This might not be the most important thing to talk about during a pandemic, but I’ve been interested in studying how people now spend those hours in the day that were once spent socializing. Or shopping. Or going to work. Or any myriad activities we can no longer do.
In my survey of various social media feeds, it appears most of you began baking. Sourdough bread looks like a popular choice. So do bagels. Americans are baking at such a high rate that some bread-making machines have sold out. It’s also hard to find dry yeast, for which sales have increased 410% from the same time last year, according to market research firm Nielsen.
I’m not baking, although I do enjoy an artisan loaf as much as anyone else.
Instead, I arrive to and leave work at roughly the same time Monday through Friday. The only difference is the office is empty, with about 90 percent of the staff at the Beacon working remotely. I still wear a button-down shirt out of habit, even if I don’t interact with anyone other than a couple colleagues. With my unkempt hair and five-week beard, that’s probably a good thing.
What have changed are those other habits. Heading to the gym at noon has been replaced with running around the neighborhood in the morning. Seeing friends and family in person has been replaced with talking to them on a shaky screen. And watching live sports has been replaced with watching old sports.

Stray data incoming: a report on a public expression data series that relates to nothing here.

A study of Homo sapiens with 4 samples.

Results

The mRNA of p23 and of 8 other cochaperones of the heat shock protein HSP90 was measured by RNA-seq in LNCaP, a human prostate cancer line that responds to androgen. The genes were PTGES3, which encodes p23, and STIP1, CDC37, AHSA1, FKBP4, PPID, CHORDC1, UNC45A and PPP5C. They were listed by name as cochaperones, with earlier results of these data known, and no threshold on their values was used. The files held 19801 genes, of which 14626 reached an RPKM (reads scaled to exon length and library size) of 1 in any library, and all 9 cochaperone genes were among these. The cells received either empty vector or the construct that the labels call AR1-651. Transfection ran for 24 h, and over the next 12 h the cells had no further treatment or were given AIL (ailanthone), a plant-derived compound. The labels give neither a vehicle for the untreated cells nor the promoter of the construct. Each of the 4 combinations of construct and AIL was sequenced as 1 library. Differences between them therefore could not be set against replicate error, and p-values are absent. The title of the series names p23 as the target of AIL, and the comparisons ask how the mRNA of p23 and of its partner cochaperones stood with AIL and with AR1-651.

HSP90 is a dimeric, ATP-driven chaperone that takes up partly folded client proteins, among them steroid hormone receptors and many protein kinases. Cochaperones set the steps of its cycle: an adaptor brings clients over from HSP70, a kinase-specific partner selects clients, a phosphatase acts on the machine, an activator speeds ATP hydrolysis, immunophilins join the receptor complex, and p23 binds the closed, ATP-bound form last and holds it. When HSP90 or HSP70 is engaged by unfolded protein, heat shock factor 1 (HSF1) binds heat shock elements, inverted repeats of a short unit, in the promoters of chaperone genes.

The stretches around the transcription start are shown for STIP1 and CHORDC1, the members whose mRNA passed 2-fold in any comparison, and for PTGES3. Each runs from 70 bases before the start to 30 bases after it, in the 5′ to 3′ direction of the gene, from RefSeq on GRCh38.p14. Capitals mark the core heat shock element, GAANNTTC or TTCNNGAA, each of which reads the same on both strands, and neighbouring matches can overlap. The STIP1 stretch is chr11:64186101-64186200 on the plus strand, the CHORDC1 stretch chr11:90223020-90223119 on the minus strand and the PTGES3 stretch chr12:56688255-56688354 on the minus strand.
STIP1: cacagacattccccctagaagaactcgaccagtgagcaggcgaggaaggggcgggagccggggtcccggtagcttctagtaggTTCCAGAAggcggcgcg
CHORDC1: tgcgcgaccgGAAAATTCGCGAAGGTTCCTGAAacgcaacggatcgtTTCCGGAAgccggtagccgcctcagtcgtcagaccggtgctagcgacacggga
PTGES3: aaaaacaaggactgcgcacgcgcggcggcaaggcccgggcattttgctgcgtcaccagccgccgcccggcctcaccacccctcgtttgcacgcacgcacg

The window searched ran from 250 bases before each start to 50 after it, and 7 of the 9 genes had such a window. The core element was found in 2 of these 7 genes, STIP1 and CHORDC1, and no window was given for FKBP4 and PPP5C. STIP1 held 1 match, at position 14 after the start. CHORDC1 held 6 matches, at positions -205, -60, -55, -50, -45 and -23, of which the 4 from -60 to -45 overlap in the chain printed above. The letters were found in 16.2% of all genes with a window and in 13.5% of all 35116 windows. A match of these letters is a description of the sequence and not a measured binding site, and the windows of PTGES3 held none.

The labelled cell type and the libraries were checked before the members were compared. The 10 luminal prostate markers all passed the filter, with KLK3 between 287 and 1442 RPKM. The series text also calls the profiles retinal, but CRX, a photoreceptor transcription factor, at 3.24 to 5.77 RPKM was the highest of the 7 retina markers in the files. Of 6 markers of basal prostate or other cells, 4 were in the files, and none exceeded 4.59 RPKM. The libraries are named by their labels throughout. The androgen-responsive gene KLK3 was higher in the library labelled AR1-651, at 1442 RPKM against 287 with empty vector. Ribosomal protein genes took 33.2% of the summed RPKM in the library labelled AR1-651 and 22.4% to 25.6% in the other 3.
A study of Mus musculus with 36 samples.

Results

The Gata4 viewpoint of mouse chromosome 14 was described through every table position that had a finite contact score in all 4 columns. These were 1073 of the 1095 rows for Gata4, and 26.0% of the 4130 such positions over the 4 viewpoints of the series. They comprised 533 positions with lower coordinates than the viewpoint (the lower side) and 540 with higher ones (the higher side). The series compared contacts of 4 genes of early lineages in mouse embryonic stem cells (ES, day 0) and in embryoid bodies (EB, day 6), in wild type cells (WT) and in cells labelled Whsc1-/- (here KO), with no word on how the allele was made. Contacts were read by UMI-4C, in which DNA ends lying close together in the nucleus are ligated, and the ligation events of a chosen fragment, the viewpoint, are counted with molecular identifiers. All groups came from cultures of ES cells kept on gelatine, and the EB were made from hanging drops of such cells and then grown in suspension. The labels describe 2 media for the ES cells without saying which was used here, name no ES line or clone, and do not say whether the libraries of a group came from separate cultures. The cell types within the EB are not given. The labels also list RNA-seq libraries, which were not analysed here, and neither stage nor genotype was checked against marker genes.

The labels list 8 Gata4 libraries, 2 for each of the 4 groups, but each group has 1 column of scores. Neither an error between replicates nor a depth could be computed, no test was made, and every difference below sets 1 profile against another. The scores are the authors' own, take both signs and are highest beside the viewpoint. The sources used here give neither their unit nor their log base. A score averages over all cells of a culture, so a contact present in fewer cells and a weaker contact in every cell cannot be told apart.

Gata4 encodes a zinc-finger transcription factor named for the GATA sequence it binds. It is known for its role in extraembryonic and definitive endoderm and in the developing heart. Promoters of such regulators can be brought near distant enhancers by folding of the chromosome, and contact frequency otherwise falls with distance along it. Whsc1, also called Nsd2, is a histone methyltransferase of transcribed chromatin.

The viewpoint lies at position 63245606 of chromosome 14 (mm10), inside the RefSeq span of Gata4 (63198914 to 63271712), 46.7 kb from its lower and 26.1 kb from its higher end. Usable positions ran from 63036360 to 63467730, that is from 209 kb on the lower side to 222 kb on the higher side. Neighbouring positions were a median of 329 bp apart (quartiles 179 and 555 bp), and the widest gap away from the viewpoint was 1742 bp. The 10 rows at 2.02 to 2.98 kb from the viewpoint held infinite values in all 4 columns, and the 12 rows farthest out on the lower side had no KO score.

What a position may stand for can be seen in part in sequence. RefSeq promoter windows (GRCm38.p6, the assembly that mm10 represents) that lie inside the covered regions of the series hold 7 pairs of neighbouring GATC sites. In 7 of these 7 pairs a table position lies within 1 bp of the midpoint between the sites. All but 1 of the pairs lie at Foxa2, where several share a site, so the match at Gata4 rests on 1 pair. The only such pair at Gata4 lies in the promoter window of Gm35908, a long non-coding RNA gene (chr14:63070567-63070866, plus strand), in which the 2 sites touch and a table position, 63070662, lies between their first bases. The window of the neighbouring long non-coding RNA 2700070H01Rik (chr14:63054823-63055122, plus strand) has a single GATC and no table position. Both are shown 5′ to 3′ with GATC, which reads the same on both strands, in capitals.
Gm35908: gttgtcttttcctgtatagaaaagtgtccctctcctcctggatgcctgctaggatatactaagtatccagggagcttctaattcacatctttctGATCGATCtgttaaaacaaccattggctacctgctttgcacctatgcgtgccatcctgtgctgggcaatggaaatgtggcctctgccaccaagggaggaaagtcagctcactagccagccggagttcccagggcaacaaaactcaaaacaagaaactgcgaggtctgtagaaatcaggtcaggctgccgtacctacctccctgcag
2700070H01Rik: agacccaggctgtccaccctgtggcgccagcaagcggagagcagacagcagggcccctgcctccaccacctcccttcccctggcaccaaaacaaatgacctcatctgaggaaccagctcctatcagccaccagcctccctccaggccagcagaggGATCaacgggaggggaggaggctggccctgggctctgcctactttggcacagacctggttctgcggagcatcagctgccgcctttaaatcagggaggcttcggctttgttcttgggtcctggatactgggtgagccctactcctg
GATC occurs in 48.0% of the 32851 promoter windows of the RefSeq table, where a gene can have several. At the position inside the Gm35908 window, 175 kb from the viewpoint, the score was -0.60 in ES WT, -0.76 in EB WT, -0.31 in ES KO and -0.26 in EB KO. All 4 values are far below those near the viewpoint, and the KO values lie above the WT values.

That last one has become a point of contention.
While streaming a 1996 playoff matchup between the Chicago Bulls and Orlando Magic, my girlfriend asked: “Don’t you already know how this ends?” I did. And since I was already on edge because of the quarantine, I responded with a dissertation on how she knows the ending to every British-themed film and rom-com that she has watched a million times, but that doesn’t dampen the joy she feels when she re-watches them. It went over about as well as you would expect.
Yes, I know, this is not important in the scheme of things. But having sports on while I cook or read or work during the evening is akin to therapy. And April has, or had, it all: The Masters and the end March Madness, the home stretch of the regular season for both the NBA and NHL. There’s the NFL draft, which still happened with teams forced to choose players from their respective homes instead of Las Vegas. I watched all of it.
But I haven’t baked. Montana has begun what Gov. Steve Bullock calls a phased reopening. Yeast may soon become readily available, but I’m assuming that trend will have passed before I buy any.
While I have failed to gain any new skills during the shutdown, I have gained a little perspective. For one, I need people around me. I need people to make fun of my hair and beard and my decision to watch 25-year-old basketball games. I need to see my coworkers talk about new ideas and projects — in person. And I need to see my parents and siblings — in person. Without them, the grind is becoming unbearable.
Sports, too. I need them. Oh, and I would also like some homemade bread.
I look forward to seeing all of you soon. Stay safe out there.